LONDON: Millions of Britons voted Thursday in a bitterly-fought, knife-edge referendum that could pull the island nation out of the EU and spark the biggest crisis in the bloc’s 60-year history.
A record 46.5 million voters have registered to decide Britain’s future in the 28-nation European Union, which was born out of a determination to unite in lasting peace after the carnage of two world wars.
Financial markets appeared to be banking on a “Remain” win with stocks surging in London and the pound rising to its highest level against the dollar this year, reaching $1.4947 at around 1035 GMT.
The rise came after an Ipsos MORI opinion poll for the Evening Standard newspaper released Thursday put “Remain” on 52 percent and “Leave” on 48 percent.
Other opinion polls have suggested a narrow lead for “Remain,” but well within the margin of error.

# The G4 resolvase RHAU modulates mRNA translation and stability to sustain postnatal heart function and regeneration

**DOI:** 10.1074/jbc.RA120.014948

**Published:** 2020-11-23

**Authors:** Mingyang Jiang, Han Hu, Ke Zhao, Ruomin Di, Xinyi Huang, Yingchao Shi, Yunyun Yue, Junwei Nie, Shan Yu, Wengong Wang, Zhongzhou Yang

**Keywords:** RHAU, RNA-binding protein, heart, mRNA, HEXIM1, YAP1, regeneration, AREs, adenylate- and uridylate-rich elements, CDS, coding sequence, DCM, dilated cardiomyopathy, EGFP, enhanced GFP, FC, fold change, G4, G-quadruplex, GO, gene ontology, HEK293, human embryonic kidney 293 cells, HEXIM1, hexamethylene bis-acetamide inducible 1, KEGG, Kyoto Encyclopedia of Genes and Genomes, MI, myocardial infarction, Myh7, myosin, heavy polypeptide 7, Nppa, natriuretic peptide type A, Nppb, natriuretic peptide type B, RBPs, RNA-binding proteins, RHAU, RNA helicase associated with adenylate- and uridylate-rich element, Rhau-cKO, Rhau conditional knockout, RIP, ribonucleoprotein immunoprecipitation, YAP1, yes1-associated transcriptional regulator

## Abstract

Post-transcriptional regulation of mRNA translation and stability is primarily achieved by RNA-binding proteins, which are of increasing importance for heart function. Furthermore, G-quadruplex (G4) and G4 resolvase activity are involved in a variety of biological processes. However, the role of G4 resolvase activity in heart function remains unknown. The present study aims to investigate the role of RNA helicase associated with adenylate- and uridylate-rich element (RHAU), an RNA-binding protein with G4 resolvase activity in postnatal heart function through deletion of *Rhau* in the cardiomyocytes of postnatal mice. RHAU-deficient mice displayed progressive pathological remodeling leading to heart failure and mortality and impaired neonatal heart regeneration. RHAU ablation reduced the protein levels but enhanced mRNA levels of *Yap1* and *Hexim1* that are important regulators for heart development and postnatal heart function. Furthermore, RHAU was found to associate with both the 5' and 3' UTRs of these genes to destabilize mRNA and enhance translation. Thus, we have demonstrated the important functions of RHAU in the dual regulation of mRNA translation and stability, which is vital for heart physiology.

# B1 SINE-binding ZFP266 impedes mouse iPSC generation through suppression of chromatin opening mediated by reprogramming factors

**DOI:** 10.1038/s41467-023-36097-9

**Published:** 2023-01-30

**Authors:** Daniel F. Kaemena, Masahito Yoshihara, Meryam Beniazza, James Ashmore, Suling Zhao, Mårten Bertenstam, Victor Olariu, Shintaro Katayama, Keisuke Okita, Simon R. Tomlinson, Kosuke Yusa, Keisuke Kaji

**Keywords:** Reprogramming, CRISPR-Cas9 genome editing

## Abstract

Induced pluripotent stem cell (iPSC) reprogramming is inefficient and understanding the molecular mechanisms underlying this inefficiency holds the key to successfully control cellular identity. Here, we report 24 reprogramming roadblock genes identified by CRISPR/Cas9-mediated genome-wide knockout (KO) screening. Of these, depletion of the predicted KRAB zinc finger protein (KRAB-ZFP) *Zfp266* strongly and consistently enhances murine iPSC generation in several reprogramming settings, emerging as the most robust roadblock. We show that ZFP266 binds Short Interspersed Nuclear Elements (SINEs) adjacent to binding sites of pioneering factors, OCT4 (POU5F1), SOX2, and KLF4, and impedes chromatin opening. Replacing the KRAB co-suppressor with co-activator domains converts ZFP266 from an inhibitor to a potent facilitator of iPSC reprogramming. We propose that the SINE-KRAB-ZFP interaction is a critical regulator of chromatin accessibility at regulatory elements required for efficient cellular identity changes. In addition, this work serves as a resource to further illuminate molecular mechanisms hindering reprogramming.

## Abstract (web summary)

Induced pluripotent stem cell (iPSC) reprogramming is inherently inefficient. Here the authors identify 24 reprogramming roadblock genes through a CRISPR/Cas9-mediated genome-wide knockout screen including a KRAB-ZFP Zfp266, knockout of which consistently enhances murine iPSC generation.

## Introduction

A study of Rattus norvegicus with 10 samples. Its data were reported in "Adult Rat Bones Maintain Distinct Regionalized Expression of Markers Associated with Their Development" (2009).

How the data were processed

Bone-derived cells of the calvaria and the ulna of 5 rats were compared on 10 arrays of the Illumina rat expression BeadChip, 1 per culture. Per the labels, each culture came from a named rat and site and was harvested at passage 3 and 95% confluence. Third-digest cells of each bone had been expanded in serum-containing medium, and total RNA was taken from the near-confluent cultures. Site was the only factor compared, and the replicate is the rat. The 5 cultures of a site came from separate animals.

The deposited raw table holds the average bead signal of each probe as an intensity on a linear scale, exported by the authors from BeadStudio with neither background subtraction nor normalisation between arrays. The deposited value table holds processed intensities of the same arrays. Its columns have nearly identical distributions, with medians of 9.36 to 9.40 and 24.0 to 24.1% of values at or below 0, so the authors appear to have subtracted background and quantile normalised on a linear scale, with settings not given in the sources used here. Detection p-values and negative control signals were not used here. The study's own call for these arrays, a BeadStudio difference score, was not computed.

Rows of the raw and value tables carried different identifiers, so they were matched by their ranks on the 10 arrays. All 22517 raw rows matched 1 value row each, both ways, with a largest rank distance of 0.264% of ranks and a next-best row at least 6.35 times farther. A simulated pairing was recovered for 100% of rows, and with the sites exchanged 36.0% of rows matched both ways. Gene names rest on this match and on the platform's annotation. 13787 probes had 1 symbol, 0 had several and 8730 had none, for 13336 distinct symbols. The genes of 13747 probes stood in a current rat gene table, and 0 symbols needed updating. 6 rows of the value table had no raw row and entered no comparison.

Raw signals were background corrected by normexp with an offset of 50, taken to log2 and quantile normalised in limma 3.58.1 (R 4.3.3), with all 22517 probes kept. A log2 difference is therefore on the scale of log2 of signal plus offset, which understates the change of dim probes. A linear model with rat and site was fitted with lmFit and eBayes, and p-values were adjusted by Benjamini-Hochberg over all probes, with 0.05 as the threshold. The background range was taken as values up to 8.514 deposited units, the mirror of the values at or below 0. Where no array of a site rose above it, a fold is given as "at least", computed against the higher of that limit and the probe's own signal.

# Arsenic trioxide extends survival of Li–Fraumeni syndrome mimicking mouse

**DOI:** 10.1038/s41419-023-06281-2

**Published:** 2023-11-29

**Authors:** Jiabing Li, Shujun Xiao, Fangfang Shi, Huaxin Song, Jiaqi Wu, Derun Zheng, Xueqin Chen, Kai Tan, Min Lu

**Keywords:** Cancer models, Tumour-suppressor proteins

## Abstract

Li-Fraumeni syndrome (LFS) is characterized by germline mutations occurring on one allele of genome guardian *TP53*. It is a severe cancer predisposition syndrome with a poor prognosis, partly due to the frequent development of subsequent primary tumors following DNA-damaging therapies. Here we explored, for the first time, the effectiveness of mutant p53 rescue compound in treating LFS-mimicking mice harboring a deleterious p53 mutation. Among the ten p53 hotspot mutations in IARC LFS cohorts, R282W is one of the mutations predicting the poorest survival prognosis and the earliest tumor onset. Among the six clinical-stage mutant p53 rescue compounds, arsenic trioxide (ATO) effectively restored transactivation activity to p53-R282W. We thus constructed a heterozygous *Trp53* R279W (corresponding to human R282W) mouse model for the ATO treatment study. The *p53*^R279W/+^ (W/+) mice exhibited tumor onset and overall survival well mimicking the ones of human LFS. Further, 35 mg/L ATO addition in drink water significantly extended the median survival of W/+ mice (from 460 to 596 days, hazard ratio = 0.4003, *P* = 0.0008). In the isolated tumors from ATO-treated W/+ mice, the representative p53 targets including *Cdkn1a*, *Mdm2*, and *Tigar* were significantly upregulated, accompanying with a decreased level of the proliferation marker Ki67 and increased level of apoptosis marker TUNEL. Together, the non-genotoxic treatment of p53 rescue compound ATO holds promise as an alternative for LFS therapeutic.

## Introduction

After a deeply divisive campaign, experts predict a high turnout across the country, where polling stations have been set up at locations including churches, schools and even a launderette and a windmill.
Across London and southeast England, many voters braved torrential rain to have their say in a battle fought on two main fronts: immigration and the economy.
The once-in-a-generation referendum asks: “Should the United Kingdom remain a member of the European Union or leave the European Union?”
“Leave” advocates say a Britain cut loose from the EU will be able to rein in high levels of immigration and take back power from Brussels. The “Remain” camp warns of a huge economic shock if Britain abandons the bloc.
Independent commentators have also suggested Brexit could trigger a constitutional crisis.
In one scenario, the United Kingdom could shrivel to a rump state of England and Wales if a pro-EU Scotland holds another independence referendum and Northern Ireland, facing a “hard border” with the Irish Republic, decide to quit.